Group may not appeal decision on €46m Co Kerry wind farm

Anti-turbine group says windfarm contravenes county development plan

Kerry County Council’s refusal of permission for 10 wind turbines. Photograph: Sergio Perez/Reuters

Kerry County Council’s refusal of permission for 10 wind turbines. Photograph: Sergio Perez/Reuters

 

A local group has been refused leave to appeal the dismissal of its challenge to a decision by An Bord Pleanála to grant planning permission for a €46 million wind farm close to the Co Kerry village of Lixnaw.

The North Kerry Wind Turbine Awareness Group (NKWTAG) had sought to overturn the board’s July 2016 decision granting an appeal by Stacks Mountain Windfarm Ltd against Kerry County Council’s refusal of permission for 10 wind turbines.

Among a range of claims, the group alleged the proposed development did not comply with requirements of the Environmental Impact Assessment Directive and the Habitats Directive.

In his Commercial Court judgment last March, Mr Justice Brian McGovern upheld the board’s decision as clear, properly reasoned and in accordance with law. He rejected the group’s arguments that the board had failed to carry out or record a number of assessments.

Contravention

He also dismissed claims the permission involved material contravention of an objective of the development plan for Co Kerry concerning wind turbines.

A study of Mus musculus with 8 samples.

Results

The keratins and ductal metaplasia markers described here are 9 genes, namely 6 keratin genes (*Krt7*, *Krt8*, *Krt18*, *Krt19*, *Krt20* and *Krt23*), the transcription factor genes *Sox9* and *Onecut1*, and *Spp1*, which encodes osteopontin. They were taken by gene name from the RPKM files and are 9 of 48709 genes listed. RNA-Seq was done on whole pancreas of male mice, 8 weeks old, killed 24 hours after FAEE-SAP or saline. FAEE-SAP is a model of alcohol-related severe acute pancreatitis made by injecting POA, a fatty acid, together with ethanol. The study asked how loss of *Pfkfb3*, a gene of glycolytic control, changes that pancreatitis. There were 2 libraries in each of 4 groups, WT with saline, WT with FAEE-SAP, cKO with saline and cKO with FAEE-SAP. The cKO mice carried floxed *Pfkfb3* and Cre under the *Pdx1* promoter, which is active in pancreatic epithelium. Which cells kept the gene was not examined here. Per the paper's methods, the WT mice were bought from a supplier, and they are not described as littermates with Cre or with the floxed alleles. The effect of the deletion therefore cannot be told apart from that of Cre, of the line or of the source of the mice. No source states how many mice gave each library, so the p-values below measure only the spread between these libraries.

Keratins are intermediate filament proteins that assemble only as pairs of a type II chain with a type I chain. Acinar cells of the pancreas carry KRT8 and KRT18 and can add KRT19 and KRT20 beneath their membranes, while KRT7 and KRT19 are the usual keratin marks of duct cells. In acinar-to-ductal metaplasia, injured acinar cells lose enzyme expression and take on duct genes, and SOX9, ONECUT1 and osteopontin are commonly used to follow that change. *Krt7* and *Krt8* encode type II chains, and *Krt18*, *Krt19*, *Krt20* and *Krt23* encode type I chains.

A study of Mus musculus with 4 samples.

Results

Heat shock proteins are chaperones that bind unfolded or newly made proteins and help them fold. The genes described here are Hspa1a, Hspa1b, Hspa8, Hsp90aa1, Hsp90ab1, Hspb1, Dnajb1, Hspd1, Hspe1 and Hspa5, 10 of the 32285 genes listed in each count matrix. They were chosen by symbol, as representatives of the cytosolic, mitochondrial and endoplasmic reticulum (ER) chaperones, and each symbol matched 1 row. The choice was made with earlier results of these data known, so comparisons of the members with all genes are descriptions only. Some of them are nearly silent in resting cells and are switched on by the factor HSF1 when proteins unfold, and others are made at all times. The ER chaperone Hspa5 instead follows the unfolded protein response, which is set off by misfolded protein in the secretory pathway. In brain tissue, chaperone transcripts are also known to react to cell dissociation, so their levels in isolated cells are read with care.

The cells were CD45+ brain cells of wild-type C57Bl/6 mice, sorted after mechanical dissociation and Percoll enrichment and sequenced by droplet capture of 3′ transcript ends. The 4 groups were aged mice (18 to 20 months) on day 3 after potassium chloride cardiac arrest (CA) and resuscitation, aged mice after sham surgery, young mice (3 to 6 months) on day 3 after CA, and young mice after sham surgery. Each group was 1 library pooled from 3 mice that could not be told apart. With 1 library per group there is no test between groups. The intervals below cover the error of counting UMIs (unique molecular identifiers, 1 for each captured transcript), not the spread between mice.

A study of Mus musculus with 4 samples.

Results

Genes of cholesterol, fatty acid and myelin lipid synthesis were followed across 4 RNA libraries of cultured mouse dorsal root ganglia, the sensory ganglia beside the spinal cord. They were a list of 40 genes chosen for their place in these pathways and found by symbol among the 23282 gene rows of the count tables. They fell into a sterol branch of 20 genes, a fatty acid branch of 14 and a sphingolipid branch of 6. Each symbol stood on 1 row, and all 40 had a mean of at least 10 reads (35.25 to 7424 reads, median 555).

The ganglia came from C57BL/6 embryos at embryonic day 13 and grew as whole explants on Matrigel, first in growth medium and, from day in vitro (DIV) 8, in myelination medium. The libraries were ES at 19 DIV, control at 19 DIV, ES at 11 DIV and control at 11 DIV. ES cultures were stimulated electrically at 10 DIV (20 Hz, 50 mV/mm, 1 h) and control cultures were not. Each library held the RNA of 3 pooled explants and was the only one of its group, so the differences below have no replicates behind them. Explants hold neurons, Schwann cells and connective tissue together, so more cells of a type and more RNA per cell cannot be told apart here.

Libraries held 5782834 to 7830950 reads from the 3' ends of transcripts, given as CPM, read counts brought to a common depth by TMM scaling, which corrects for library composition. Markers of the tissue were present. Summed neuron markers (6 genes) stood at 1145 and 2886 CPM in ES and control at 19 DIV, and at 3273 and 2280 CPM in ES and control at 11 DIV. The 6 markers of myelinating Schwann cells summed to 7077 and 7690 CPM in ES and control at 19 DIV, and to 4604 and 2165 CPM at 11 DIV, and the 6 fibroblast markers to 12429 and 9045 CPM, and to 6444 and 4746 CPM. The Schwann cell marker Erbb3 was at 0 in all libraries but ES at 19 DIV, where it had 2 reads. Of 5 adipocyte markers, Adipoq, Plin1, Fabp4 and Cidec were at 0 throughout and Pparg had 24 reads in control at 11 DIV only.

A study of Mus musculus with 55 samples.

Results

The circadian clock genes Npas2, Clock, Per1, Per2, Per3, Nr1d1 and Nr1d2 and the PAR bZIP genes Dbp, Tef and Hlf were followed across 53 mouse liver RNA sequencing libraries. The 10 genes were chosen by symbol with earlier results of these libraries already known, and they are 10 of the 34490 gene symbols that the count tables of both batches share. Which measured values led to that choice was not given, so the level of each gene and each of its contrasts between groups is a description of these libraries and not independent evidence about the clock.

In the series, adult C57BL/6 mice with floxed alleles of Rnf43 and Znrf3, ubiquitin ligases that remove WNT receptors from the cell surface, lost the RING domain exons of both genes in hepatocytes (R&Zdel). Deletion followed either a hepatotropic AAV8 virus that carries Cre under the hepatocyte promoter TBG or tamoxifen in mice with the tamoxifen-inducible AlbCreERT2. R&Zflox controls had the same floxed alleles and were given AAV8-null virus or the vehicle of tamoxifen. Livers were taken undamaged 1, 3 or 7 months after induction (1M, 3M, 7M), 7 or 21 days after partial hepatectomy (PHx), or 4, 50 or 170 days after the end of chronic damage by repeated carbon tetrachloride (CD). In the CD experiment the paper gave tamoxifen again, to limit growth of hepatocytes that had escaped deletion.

That objective was not to permit development of wind farms in areas designated “open to consideration” in the Tralee and Listowel districts pending full assessment of the culmulative effect of all permitted turbines in the vicinity.

The board gave “clear and cogent” reasons for finding that this development, contrary to its inspector’s view, did not materially contravene the development plan, the judge said.

The board considered the objective “impractical” in terms of its implementation and contrary to national policy on increasing renewable energy penetration. The group then applied to the judge for the necessary certificate entitling it to appeal.

Refusing that certificate, Mr Justice McGovern said the applicants had failed to raise a point of law of exceptional public importance and also failed to show an appeal was necessary in the interests of justice.